Students from a wide range of disciplines submitted paintings, sculptures and films to compete for cash prizes in this year’s ArtFest.
The annual student art competition and exhibition is held in the James R. Reynolds Student Art Gallery and sponsored by the MSC Visual Arts Committee. Submissions will be on display until April 20 and visitors will be able to vote for the best submissions until April 1. The winners will be announced during an opening reception on April 4 from 7 p.m. to 9 p.m. in the gallery.
Students collectively submitted 92 pieces, 88 of which are 2D or 3D art and four that are film submissions. The best film submission will win $100, and the top three 2D or 3D submissions will receive $100, $75 and $50, respectively.
ArtFest program advisor Mary Compton said the community should attend the opening reception to meet and support the artists.
“I think [art] is a really great expressive activity,” Compton said. “This is something we open up to the entire campus, not just the visualization students, and we encourage people who are not visualization students. It’s nice to see that everyone has that creativity in them.”
According to Compton, faculty judges and gallery directors were the only judges of ArtFest, but after ArtFest received about 130 submissions in 2018, the winners are decided by a popular vote during reception night.
Gallery director and electrical engineering senior Daniel Molina said judges are looking for the piece that demonstrates the best technique and emotionally moves their audience. According to Molina, the goal of ArtFest is to use art to challenge the community’s way of thinking.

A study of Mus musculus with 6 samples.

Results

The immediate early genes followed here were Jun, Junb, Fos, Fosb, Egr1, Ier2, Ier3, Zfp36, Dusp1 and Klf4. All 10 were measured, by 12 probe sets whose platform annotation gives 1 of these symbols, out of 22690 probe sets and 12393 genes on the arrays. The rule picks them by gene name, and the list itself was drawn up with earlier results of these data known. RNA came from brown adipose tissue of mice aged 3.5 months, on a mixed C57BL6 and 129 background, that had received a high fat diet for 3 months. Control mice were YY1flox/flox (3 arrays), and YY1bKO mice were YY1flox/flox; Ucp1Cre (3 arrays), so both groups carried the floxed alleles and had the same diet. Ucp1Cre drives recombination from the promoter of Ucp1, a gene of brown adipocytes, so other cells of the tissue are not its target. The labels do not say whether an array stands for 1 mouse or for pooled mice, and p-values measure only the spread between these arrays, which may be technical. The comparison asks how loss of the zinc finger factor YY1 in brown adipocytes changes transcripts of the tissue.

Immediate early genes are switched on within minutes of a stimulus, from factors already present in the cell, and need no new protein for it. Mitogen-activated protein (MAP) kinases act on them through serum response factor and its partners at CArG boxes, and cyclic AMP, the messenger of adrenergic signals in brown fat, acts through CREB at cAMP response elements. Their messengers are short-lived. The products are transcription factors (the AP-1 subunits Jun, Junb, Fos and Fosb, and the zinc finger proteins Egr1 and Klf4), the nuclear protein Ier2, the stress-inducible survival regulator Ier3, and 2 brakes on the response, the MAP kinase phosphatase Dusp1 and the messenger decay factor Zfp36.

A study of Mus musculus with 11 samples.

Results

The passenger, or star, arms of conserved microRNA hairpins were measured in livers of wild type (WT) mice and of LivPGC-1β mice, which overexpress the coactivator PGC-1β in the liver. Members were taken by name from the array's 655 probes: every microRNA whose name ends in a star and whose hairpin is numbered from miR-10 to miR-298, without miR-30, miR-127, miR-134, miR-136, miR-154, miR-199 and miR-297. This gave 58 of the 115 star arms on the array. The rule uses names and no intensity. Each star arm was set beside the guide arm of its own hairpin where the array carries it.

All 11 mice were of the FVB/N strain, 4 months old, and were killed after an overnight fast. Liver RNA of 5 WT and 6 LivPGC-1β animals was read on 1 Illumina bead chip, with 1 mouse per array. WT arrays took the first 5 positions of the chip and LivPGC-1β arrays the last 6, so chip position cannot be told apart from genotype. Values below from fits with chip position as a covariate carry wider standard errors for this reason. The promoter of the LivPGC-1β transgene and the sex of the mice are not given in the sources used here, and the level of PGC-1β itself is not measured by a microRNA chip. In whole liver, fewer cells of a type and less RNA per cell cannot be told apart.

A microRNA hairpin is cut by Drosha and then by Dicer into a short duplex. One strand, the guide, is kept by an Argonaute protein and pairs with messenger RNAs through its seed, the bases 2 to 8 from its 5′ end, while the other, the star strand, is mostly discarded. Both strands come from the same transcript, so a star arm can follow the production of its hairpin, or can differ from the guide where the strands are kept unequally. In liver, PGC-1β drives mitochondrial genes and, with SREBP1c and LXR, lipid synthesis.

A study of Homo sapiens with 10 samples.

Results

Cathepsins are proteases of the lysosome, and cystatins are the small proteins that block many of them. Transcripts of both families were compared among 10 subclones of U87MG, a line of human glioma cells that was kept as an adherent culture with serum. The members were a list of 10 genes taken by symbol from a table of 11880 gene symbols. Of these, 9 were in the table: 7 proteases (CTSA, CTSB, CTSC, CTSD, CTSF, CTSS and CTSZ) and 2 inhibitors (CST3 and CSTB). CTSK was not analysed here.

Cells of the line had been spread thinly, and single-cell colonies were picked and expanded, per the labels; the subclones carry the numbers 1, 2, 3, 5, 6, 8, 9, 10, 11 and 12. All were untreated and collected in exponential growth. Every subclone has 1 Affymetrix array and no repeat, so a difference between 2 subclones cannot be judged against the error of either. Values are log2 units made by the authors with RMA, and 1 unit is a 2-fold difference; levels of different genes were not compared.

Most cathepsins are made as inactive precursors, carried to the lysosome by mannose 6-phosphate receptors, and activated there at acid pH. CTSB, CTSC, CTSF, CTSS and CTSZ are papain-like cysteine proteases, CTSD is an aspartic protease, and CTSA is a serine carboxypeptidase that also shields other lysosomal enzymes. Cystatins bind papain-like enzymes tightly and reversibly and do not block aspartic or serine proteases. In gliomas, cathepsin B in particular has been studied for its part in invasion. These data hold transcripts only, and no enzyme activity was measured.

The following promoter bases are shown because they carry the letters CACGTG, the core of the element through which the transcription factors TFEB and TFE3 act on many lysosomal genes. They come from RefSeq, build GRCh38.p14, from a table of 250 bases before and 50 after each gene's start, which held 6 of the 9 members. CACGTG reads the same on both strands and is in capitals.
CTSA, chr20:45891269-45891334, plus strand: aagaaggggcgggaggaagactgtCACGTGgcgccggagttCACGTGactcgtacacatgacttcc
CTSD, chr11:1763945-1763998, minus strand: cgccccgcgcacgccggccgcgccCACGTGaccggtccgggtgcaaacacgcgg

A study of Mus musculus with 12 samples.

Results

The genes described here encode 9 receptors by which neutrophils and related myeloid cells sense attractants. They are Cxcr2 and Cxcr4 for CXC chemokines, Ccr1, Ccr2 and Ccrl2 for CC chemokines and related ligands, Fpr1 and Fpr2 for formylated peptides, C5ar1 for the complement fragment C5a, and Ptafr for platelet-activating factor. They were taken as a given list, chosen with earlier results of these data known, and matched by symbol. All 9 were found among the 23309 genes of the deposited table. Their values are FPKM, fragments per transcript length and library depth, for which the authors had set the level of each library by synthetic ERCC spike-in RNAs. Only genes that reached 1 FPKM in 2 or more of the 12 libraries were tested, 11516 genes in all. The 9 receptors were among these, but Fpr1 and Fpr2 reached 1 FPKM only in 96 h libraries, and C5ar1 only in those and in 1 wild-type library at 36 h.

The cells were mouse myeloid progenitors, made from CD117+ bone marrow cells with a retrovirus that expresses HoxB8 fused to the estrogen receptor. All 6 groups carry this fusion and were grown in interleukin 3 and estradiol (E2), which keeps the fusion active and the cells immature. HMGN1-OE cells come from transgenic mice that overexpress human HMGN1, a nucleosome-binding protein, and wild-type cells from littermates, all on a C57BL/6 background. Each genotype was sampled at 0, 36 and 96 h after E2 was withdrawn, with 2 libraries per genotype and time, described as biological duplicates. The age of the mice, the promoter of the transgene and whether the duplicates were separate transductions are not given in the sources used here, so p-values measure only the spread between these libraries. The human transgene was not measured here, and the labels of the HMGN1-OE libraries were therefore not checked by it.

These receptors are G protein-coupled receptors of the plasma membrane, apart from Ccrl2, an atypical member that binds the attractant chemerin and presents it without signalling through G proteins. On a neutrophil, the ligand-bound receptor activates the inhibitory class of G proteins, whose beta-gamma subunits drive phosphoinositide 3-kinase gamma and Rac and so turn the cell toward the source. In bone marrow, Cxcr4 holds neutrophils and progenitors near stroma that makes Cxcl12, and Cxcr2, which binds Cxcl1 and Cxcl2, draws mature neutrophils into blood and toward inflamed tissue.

“ArtFest brings culture, ideas and innovation to the A&M community through the visual arts,” Molina said. “It also showcases the massive amount of artistic talent from A&M students. There are not many places on campus that display student art, and ArtFest is an outlet that can do such a thing.”
Visualization sophomore Julie Choi won first place at ArtFest last year with her piece “Phoenix of Immortality.” This year, she submitted her oil painting “A Hunt in Twilight,” which depicts a hunter observing a deer grazing in the woods. Choi said the piece was originally the final project for her painting class and her first large-scale oil painting.
“I’ve never really worked with wet mediums like oils and acrylics before, and I liked how it turned out a lot,” Choi said. “It shows how my techniques have changed from last year, and I take pride in self-growth. I wanted to tell a story through a moment in time, and I want viewers to interpret my piece and create their own backstories and resulting consequences of the scene.”
At ArtFest, Choi said she enjoys seeing other works on display and hearing what people outside of her field have to say about her work.
“There’s something exciting about seeing people who did ArtFest last year submit again and seeing how everyone has evolved in their work and techniques,” Choi said. “It allows prospective artists to showcase their work to the public and show what they’ve been pouring their energy and passions into. As an artist, its uplifting to see people react to their piece and enjoy themselves in a setting filled with creativity and art.”